The element of surprise in the US-Turkish-Syrian saga
Don’t call me so much from your heart’s deep.
I may show up suddenly one night.
If you are waiting for me and did not sleep,
I may die of joy before your door.
It is ironic that President Recep Tayyip Erdoğan has been using the lyric of a very famous love song of Turkish classical music as a threat. And it is also ironic that this lyric suggests a surprise while simultaneously neutralizing any surprise by revealing the possibility of a surprise.
Apply this to Turkey’s intervention in Syria. No-one could say international and regional players in Syria were caught by surprise when Turkey started its military operation in Afrin.
Erdoğan used the lyric to warn friends and foes that a military operation would take place if they did not comply with Turkey’s wishes. Some might have thought the threat was a bluff. For others, only the timing has come as a surprise.
The real surprise for actors caught in the Syrian quagmire was a statement in mid-January from Colonel Thomas Veale, a spokesman for the Combined Joint Task Force. The statement said a “Syrian Border Security Force” with around 30,000 fighters was being established under Kurdish leadership of which the first 230 were already in training.
When the spokesperson for the international coalition fighting the Islamic State of Iraq and the Levant (ISIL) makes such statement, one assumes a consensus has been reached among coalition members after consultations. But embassies in Ankara of some coalition-member countries have been wondering how they missed the consultation phase.
It appears there was not even a proper consultation within the U.S. administration. Or at least not on how to formulate the announcement of a permanent U.S. military presence in Syria to the press.
What came as a surprise to Europeans did not surprise the Turkish government. The U.S. being consistent with its rhetoric and policies in Syria would have been a real surprise.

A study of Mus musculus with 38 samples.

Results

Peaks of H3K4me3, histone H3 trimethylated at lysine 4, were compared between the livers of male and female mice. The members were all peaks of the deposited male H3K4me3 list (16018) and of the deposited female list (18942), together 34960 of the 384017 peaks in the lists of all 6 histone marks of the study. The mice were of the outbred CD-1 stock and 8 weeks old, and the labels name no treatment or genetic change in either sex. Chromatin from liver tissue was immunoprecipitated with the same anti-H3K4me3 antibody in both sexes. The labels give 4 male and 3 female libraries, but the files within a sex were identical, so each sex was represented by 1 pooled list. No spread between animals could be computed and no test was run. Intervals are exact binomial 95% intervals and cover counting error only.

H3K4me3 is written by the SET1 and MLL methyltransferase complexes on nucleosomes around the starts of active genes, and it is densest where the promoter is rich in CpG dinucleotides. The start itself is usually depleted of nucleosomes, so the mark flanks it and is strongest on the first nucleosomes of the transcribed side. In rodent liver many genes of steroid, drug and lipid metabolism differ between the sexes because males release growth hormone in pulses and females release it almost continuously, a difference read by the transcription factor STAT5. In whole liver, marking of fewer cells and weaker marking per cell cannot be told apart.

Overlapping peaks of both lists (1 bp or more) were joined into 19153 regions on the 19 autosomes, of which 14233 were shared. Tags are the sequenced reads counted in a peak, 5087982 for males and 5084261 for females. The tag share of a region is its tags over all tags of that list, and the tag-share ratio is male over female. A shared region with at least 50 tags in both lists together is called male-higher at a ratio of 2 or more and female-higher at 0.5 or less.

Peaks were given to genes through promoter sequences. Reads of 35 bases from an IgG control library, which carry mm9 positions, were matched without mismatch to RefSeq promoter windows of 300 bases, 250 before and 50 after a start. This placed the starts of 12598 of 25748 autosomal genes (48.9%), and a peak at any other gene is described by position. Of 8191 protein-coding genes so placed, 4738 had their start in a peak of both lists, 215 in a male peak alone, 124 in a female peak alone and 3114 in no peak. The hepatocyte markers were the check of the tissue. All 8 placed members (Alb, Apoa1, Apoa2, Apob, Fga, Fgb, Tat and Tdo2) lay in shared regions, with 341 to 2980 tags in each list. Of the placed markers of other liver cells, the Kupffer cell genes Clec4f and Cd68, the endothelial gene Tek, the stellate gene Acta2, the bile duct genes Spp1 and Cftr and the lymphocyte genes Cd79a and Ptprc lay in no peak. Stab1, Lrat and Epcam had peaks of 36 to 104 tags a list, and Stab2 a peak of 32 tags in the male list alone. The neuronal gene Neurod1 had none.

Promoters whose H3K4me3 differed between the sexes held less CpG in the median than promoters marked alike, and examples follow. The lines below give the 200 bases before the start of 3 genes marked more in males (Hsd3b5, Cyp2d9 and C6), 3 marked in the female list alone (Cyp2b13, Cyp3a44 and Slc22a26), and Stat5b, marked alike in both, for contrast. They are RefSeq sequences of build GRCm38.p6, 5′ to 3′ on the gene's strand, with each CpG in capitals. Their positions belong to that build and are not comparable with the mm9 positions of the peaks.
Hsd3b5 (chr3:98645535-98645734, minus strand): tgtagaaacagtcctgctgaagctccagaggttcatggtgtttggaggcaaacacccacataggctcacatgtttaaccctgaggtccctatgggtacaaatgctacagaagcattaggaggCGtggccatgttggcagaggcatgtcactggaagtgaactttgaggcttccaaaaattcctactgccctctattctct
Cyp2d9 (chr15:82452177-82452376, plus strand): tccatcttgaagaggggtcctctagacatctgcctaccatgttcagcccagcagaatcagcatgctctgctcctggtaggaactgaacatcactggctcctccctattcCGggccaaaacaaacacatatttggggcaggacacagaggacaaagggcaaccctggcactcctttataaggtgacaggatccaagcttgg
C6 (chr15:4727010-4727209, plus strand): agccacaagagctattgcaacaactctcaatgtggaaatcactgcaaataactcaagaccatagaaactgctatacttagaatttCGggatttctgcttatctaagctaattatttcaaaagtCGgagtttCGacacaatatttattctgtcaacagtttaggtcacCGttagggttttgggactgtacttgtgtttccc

From former U.S. President Barack Obama’s red lines being crossed to Donald Trump’s election promise of avoiding unnecessary wars in the Middle East, the U.S. has been consistently inconsistent.
Before leaving his post last October, former U.S. envoy to Ankara John Bass said American support to the Syrian Kurdish People’s Protection Units (YPG), the Syrian wing of the outlawed Kurdistan Workers’ Party (PKK), was limited and tactical. Trump said last November that no more arms would be delivered to YPG.
Despite the rhetoric, the Turkish government saw it coming: Permanent U.S. presence in Syria with YPG as allies.
Time and again Turkey has objected to the U.S.-YPG alliance. With the latest PR disaster on statements about plans for permanent U.S. presence in Syria that triggered the Turkish military operation. Turkey/s move has hardly come as a surprise to Turkey’s European allies.
That was probably why there has been a very moderate reaction from Europe in the initial days of the operation.
Another reason for the mild reaction seems to be the fact that Europe and the U.S. does not share the same priorities in Syria. The U.S. priority is the defeat of the ISIL and containment of Iran in the Syrian theater. With the defeat of ISIL, Iran becomes a number one priority for the U.S., while the return of European jihadists to their country of origin remains issue number one for European capitals. And that means European capitals depend more on cooperation with Turkey than with Washington.
Second, containing Russia is a bigger priority than containing Iran, a country the U.S. and Europe do not agree on, especially regarding the nuclear deal with Tehran. U.S. policies pushing Turkey closer to Russia worries European leaders more than Trump, who is seeking warmer ties with Moscow.
So a credit of support has been extended to Turkey for its Afrin operation by its European allies. But this credit is not unlimited and unconditional. Let us see to what extent Turkey bears this in mind when planning future phases of the operation.